How can your business achieve agility with big data?

Business graphAs technology advances at great speed, our lives are becoming increasingly digitized. From Twitter feeds to sensor data from medical devices, companies are overwhelmed with big data yet starving for actionable information. Most likely, you’ve heard a lot of talk about the volume, variety, and velocity of big data and how challenging it is to keep up with that explosion of data.

For many enterprises, their ability to collect data has surpassed their ability to organize it quickly enough for analysis and action. Executives, IT staff, and analysts alike have been frustrated with the traditional rigid processes for data processing that require a series of steps before data is ready for analysis. Relational databases and data warehouses have served businesses well for collecting and normalizing other relational data from point of sale (POS), ERP, CRM, and other data sources where the data format and structure is known and doesn’t change frequently. However, the relational model and process for defining schema in advance cannot keep pace with the rapidly evolving variety and format of data.

Basically, all types of businesses are jumping to big data, but some are having much better results than others. So, where do some enterprises go wrong, and where do others go right?

  • Achieving good results with big data starts with sufficient system capacity. When leaders engineer the right kinds of solutions for a big data environment, the hardware can easily process its workloads, and people don’t have to run around trying to solve network capacity problems. This means allocating enough CPU cores or processing power to central servers, addressing needs for dynamic memory, and providing adequate storage solutions, along with monitoring how data will flow through the system and identifying and eliminating any traffic jams.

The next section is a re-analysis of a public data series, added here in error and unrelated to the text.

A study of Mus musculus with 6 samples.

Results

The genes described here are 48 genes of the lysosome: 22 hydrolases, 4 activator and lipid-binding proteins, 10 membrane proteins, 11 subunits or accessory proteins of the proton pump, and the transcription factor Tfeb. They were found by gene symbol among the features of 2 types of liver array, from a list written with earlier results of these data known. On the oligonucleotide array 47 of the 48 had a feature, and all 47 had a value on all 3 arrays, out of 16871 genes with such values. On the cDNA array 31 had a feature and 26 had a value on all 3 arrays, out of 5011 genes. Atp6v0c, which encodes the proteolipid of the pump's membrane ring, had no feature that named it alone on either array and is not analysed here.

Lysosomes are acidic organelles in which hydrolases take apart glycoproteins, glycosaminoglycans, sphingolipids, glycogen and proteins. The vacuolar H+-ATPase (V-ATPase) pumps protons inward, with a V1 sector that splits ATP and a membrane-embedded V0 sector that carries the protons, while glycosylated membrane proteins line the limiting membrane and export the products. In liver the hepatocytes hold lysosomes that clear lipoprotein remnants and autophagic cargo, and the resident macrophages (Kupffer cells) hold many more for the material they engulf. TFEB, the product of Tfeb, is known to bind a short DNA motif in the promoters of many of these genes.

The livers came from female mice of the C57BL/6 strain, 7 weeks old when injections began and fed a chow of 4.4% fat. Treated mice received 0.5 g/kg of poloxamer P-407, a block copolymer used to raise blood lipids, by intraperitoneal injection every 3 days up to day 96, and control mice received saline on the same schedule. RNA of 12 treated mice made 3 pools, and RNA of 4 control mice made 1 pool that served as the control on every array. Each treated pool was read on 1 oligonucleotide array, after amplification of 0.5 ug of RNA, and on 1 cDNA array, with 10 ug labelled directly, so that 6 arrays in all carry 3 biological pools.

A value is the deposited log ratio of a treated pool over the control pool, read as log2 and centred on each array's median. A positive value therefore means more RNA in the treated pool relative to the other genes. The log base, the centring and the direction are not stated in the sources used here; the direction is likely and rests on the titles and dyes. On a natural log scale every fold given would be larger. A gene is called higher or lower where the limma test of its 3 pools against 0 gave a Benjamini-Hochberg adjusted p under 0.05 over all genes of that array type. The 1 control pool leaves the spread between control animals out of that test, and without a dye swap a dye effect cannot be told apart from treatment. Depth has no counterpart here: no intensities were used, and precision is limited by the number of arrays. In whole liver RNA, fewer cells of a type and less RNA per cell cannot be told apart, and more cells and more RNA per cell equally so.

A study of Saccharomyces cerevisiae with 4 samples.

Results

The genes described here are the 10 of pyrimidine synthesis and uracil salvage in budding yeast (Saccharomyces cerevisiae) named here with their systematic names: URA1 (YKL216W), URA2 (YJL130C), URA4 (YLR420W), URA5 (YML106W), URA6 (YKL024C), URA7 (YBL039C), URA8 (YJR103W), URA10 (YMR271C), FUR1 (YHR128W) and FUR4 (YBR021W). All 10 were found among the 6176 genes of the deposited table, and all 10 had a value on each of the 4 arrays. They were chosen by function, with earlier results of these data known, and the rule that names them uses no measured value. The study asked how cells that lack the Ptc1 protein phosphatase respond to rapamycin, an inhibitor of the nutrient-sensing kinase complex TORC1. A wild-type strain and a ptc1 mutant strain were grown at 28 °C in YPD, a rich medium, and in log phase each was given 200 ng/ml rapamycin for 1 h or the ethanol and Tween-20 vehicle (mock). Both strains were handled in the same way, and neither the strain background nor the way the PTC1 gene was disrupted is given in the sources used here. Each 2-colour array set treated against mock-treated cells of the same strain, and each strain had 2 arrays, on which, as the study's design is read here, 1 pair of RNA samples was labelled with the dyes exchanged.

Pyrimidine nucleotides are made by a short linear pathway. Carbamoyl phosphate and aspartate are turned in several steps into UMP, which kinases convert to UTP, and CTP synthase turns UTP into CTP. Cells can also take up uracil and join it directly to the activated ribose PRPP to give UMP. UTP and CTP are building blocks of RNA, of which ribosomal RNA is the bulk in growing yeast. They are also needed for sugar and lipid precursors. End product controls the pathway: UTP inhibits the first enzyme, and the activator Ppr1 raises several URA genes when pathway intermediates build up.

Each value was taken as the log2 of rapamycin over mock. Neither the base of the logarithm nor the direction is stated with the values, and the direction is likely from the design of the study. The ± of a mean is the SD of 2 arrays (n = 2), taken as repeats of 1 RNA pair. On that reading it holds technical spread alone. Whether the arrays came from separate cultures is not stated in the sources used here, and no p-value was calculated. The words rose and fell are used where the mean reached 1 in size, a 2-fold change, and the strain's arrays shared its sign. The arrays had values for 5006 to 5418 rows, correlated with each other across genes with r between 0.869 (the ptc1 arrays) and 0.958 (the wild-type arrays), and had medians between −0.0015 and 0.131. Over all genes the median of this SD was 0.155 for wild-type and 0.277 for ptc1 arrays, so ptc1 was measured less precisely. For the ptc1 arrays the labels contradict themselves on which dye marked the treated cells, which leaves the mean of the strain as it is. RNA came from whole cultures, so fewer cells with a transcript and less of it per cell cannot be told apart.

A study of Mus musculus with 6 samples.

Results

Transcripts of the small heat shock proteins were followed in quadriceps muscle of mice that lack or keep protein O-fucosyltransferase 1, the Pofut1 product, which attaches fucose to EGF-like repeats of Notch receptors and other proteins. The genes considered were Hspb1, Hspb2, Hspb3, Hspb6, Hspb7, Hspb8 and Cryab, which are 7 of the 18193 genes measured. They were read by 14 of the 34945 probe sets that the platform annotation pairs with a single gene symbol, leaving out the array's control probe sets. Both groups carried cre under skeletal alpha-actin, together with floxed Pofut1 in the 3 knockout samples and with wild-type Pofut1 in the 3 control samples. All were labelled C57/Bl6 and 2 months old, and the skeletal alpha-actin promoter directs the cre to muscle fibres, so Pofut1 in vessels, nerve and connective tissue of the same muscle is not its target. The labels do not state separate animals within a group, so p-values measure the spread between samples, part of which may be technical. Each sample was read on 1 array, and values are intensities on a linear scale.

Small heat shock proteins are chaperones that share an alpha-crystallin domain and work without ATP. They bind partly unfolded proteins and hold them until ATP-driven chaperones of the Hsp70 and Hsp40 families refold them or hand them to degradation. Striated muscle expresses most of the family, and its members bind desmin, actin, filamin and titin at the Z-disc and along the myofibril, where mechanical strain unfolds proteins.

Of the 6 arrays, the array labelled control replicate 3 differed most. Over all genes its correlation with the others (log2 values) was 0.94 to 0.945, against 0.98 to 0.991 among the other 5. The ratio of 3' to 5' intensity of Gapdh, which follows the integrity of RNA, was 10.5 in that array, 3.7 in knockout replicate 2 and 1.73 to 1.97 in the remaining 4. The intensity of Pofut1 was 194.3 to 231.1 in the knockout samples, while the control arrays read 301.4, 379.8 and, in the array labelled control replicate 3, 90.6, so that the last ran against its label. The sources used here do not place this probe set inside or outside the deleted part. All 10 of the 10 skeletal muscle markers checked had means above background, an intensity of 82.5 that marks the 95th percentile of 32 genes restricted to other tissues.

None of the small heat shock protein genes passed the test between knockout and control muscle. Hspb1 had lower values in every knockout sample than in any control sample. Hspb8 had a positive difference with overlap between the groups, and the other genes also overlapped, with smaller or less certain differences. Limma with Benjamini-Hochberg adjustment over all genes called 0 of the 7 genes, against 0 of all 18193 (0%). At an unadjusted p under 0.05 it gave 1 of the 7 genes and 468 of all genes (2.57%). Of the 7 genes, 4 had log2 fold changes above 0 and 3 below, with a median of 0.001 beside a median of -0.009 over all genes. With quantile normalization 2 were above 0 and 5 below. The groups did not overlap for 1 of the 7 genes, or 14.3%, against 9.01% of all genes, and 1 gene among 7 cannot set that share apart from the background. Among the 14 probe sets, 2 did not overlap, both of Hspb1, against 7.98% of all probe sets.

• Another big part of agile big data has to do with people. A business has to have the right training and the right resources for implementation. Having adequate talent on board is vital, and where there are any gaps, quick and effective training and cultivation of in-house people is essential. Companies can rely on consultants for many things, but at the end of the day, there needs to be enough savvy about these big data systems for the business to handle them confidently.
  • Another fundamental area of using big data correctly comes in when businesses start to actually use the data they’ve collected. Adequate hardware systems can perform data operations well, and talented people can maintain and use them correctly, but there’s a big difference in the results that companies get, based on how the system builds reports, selects data, and presents the right results in the right ways. This has to do with sorting through structured and unstructured data sets conceptually, not going into the system and head-counting data, but instead, having a philosophy of data that focuses on just the most vital data sets and discards irrelevant and unusable data.

All of these strategies will lead an enterprise to eventual success with big data systems. It’s not about how much data you can store and process. Instead, it’s about data agility, meaning how fast you can extract value from your mountains of data and how quickly can you translate that information into action?